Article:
Isaiah 36:22
Then came Eliakim, the son of Hilkiah, that was over the household, and Shebna the scribe, and Joah, the son of Asaph, the recorder, to Hezekiah with their clothes rent, and told him the words of Rabshakeh.

36:1-22:See 2Ki 18:17-37, and the commentary thereon.With their clothes rent - This was a common mark of grief among the Jews (see 2 Samuel 3:21; 1 Kings 21:27; Ezra 9:3; Job 1:20; Job 2:12; Jeremiah 36:24; and the notes at Matthew 26:65; notes at Acts 14:14). The causes of their griefs were the insolence and arrogance of Rabshakeh; the proposal to surrender the city; the threatening of the siege on the one hand, and of the removal on the other, and the blasphemy of the name of their God, and the reproach of the king. All these things filled their hearts with grief, and they hastened to make report to Hezekiah. 22. clothes rent—in grief and horror at the blasphemy (Mt 26:65). The history related here, and in the three following chapters, is, for the substance of it, and almost wholly in the same words, contained 2 Kings 18:1-20:21. It is fitly inserted here, to explain and confirm some of the foregoing predictions. It may seem to have been first written by this prophet, and from him to have been taken into the Book of Kings, to complete that history.

Then came Eliakim, that was over the household,.... The first of the commissioners sent to Rabshakeh:

and Shebna the Scribe, and Joah, the son of Asaph, the recorder, to Hezekiah: by which it seems that he could not be with them on the wall, but was all the while in his own palace, whither they came to him, to report the issue of their conference with Rabshakeh:

with their clothes rent; which was done perhaps not in the presence and within the sight of Rabshakeh, but as they came along; and that partly on account of the blasphemies they had heard, Matthew 26:65, and partly through the grief of heart, for the distress and calamity they might fear were coming on themselves, their king, their city, and country, Joel 2:13,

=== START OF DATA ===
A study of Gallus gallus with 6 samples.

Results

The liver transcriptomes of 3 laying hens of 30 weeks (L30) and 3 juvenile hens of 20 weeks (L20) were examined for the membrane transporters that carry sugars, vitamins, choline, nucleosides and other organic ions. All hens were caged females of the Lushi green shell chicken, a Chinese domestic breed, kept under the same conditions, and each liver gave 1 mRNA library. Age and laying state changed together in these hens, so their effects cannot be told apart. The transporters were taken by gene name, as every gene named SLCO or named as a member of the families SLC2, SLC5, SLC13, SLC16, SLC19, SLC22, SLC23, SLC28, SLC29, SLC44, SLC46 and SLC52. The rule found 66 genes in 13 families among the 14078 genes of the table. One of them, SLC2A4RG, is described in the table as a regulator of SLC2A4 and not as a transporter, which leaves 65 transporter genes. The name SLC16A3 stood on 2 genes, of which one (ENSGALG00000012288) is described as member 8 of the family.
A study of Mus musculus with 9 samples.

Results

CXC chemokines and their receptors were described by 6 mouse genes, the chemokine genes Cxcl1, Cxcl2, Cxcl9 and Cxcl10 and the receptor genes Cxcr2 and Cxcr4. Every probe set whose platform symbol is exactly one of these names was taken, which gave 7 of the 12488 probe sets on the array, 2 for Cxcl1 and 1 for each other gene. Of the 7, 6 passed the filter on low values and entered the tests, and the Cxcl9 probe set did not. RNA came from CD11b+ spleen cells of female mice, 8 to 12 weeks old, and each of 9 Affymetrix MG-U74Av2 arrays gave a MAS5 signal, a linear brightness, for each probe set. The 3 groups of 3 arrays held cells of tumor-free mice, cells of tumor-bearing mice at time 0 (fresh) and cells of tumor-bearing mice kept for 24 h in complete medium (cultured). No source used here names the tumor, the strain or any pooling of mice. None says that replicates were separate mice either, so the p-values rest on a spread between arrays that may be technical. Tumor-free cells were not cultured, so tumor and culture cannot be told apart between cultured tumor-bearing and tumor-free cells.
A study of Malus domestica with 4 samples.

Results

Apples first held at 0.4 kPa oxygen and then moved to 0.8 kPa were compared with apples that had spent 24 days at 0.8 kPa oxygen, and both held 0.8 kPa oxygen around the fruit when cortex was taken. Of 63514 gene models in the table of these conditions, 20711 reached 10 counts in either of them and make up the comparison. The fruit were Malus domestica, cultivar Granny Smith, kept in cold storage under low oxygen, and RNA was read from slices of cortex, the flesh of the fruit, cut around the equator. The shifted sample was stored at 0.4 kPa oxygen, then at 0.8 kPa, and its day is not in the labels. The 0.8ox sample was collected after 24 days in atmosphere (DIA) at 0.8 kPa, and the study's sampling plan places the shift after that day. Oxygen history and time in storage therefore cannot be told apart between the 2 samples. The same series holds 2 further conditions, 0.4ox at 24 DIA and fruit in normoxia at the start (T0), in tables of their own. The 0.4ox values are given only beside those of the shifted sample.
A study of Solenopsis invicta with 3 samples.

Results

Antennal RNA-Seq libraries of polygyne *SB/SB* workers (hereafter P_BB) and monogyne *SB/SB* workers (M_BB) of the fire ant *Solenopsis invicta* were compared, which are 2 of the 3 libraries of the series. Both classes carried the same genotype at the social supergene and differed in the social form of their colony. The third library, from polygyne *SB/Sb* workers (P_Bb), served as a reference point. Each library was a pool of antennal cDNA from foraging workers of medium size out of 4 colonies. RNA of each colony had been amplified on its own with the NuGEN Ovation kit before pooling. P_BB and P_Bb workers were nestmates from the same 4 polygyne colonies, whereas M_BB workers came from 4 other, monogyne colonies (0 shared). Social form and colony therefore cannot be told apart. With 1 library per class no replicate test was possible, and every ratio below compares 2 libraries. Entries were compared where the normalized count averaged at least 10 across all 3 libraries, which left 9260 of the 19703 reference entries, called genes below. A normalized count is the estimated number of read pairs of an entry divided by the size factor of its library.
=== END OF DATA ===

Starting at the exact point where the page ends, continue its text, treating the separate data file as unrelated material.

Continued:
and told him the words of Rabshakeh; what he had said against him, and against the God of Israel, his menaces and his blasphemies; they made a faithful report of the whole, as messengers ought to do. What effect this had upon the king, we have an account of in the following chapter.

Then came Eliakim, the son of Hilkiah, that was over the household, and Shebna the scribe, and Joah, the son of Asaph, the recorder, to Hezekiah with their clothes rent, and told him the words of Rabshakeh.
Verse 22. - With their clothes rent. Garments were "rent," not only as a sign of mourning, but whenever persons were shocked or horrified (see Genesis 37:29; 1 Samuel 4:12; 2 Samuel 1:2; Ezra 9:3; 2 Chronicles 34:19; Matthew 26:65). The Jewish officials meant to mark their horror at Rabshakeh's blasphemies.

Isaiah 36:22The effect of Rabshakeh's words. "But they held their peace (K. and they, the people, held their peace), and answered him not a word; for it was the king's commandment, saying, Ye shall not answer him. Then came Eliakim son of Hilkiyahu (K. Hilkiyah), the house-minister, and Shebna the chancellor, and Joah son of Asaph, the recorder, to Hizkiyahu, with torn clothes, and told him the words of Rabshakeh." It is only a superficial observation that could commend the reading in Kings, "They, the people, held their peace," which Hitzig and Knobel prefer, but which Luzzatto very properly rejects. As the Assyrians wished to speak to the king himself (2 Kings 18:18), who sent the three to them as his representatives, the command to hear, and to make no reply, can only have applied to them (and they had already made the matter worse by the one remark which they had made concerning the language); and the reading ויּחרישׁוּ in the text of Isaiah is the correct one. The three were silent, because the king had imposed the duty of silence upon them; and regarding themselves as dismissed, inasmuch as Rabshakeh had turned away from them to the people, they hastened to the king, rending their clothes, in despair and grief and the disgrace they had experienced.